The case of the day is Publicidad Vepaco, C.A. v. Mezerhane (Fla. Dist. Ct. App. 2015). Publicidad Vepaco and LaTele Television, C.A., two Venezuelan corporations, sued Nelson Mezerhane, the owner of Banco Federal, C.A. (a Venezuelan bank), and Rogelio Trujillo, the bank’s CEO, claiming that the two had carried out a scheme to defraud them of $72 million in US treasury bills through the bank. According to the complaint, the stolen T-bills passed through entities located in Curaçao. Mezerhane and Trujillo both live in Florida. Both face criminal charges in Venezuela on account of the alleged scheme, and the Venezuelan government has taken over the bank.
Before filing the Florida lawsuit, Vepaco and LaTele brought a lawsuit in Curaçao and sought to attach the T-bills, believing they were still in the hands of the Curaçaoan entities. But when they found that the T-bills were no longer in Curaçao, they sued the Curaçaoan entities and their directors, too, alleging that they were part of the scheme. Back in Florida, Mezerhane and Trujillo moved to dismiss, arguing that the plaintiffs had failed to join indispensable parties (the Curaçaoan entities) and arguing forum non conveniens. The Florida court granted the motion to dismiss on both grounds, and the plaintiffs appealed.
The appellate court quickly disposed of the claim of failure to join indispensable parties. A defendant is not indispensable merely because it may bear some liability. Rather, the question is whether the court could render an effective final decision in its absence. Finding that the defendants had failed to make such a showing, the court rejected the lower court’s decision on this point.
The more difficult issue was the issue of the forum. There was a question whether the Curaçaoan courts would have subject matter jurisdiction over the dispute, because the harm occurred in Venezuela. The lower court said it was “not persuaded that a Curaçaoan court would reject jurisdiction over the Defendants,” but as the appellate court held, this gets things backwards. It’s the defendants’ burden to show that the foreign court would exercise jurisdiction, not the plaintiff’s burden to show that the foreign court would refuse to exercise jurisdiction. Thus the defendants had failed to show the adequacy of the foreign forum.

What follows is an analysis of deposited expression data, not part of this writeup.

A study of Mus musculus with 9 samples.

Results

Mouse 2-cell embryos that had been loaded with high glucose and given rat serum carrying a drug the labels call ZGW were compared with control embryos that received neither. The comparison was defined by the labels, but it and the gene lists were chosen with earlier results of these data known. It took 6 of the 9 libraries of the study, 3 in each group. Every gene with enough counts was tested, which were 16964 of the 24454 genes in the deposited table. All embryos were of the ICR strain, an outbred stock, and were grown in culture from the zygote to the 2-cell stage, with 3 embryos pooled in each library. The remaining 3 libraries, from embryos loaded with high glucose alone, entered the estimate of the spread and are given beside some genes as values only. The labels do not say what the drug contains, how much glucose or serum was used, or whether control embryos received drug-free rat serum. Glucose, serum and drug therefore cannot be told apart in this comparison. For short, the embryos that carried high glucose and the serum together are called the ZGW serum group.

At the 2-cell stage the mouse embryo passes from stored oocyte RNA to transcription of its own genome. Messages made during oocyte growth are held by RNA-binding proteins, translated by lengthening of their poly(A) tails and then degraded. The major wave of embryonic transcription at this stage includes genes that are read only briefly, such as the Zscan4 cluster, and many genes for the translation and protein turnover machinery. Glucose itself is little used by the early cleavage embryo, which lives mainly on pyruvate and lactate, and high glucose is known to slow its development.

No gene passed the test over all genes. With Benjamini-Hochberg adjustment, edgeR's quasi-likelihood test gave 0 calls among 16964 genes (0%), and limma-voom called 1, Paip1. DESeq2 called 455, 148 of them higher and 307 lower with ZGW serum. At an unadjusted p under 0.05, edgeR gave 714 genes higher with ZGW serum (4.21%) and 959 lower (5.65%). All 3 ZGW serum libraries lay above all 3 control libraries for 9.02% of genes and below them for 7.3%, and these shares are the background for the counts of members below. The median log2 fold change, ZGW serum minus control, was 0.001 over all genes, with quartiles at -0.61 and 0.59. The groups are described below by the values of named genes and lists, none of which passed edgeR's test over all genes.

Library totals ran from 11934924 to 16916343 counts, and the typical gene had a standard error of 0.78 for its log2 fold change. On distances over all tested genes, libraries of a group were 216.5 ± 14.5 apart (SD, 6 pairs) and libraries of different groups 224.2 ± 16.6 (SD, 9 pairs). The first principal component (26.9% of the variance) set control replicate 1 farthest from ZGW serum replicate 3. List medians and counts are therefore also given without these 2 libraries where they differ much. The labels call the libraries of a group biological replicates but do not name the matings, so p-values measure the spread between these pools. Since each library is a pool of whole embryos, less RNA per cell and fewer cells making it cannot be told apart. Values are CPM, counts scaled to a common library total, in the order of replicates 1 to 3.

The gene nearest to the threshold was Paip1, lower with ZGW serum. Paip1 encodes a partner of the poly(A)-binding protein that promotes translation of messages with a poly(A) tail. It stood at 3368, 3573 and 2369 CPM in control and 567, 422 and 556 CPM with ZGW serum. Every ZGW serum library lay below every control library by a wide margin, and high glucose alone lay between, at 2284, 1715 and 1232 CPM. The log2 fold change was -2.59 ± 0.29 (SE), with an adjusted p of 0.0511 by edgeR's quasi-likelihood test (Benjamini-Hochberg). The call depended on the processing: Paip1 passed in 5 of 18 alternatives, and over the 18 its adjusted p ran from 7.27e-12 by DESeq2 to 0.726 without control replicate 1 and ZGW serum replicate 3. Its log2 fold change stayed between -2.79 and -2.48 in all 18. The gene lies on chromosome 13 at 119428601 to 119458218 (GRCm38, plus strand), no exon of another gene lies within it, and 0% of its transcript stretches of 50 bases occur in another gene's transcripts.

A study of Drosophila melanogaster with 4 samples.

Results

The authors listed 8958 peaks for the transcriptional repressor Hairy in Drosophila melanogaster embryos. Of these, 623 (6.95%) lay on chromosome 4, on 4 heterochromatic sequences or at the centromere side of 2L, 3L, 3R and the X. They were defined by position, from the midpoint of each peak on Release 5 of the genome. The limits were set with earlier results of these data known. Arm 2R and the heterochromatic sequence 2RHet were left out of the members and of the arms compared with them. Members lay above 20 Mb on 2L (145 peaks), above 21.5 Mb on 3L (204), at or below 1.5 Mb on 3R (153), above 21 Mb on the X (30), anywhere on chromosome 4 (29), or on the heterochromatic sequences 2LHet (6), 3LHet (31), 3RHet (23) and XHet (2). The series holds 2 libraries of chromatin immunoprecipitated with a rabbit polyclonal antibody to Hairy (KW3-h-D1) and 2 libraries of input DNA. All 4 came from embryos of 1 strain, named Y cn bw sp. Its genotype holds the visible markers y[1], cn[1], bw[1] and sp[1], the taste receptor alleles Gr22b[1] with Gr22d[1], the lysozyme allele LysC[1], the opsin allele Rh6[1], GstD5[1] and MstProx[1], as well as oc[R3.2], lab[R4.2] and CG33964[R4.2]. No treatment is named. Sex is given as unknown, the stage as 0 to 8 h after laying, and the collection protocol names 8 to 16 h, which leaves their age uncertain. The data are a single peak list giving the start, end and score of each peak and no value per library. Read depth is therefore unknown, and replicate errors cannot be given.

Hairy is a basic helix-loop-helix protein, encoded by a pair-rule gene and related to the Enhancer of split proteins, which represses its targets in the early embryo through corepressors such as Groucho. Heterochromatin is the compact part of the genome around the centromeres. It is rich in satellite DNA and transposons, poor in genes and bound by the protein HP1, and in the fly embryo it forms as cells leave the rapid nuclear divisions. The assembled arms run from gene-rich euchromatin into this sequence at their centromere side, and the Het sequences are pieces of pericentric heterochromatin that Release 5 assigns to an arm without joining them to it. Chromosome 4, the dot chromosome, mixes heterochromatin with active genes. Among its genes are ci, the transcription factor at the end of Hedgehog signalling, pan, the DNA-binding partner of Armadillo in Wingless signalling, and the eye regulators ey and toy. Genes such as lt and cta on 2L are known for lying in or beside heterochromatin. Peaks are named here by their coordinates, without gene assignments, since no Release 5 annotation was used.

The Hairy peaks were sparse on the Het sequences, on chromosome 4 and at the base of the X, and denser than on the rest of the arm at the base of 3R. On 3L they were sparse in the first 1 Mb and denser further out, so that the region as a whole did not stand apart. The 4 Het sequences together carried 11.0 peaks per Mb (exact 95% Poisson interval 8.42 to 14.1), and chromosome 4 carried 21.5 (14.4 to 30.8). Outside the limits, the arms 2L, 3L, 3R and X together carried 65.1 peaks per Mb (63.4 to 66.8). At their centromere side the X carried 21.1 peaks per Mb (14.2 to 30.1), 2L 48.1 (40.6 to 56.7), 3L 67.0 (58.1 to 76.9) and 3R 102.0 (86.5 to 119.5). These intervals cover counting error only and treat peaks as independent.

Although that finding alone should be dispositive, the appellate court went on to consider the private interest factors. The court questioned whether the trial judge was right to discount entirely the plaintiffs’ choice of on the grounds that they are foreign parties; it seemed inclined to hold that a foreigner’s choice of a US forum is entitled to some deference, though perhaps not as much as a domestic plaintiff’s choice of forum. But the court didn’t need to reach a holding on this point, because the other factors strongly favored Florida even if the plaintiffs’ choice of forum was entitled to no deference. There was more access to the witnesses in Florida than in Curaçao; the documentary evidence was in Venezuela and thus neither forum had the advantage on the location of evidence; and the defendants had stated that while they would accept service of process in the Curaçao action, they would not appear there, thus necessitating letters rogatory and the like if the case were tried there.
In light of the fact that the private interest factors did not favor dismissal, the court held there was no need to consider the public interest factors. This aspect of the decision drew a concurring opinion from Chief Judge Shepperd, who was of the view that under Florida law, a court must always consider the public interest factors, even if the private interest factors strongly favor Florida as a forum. The Chief Judge found that the public interest factors favored dismissal in light of the weak nexus of the case with the United States, but he felt bound by the precedents to reverse. Still, it seems clear from the tenor of his concurrence that he would like to see the law change in this area.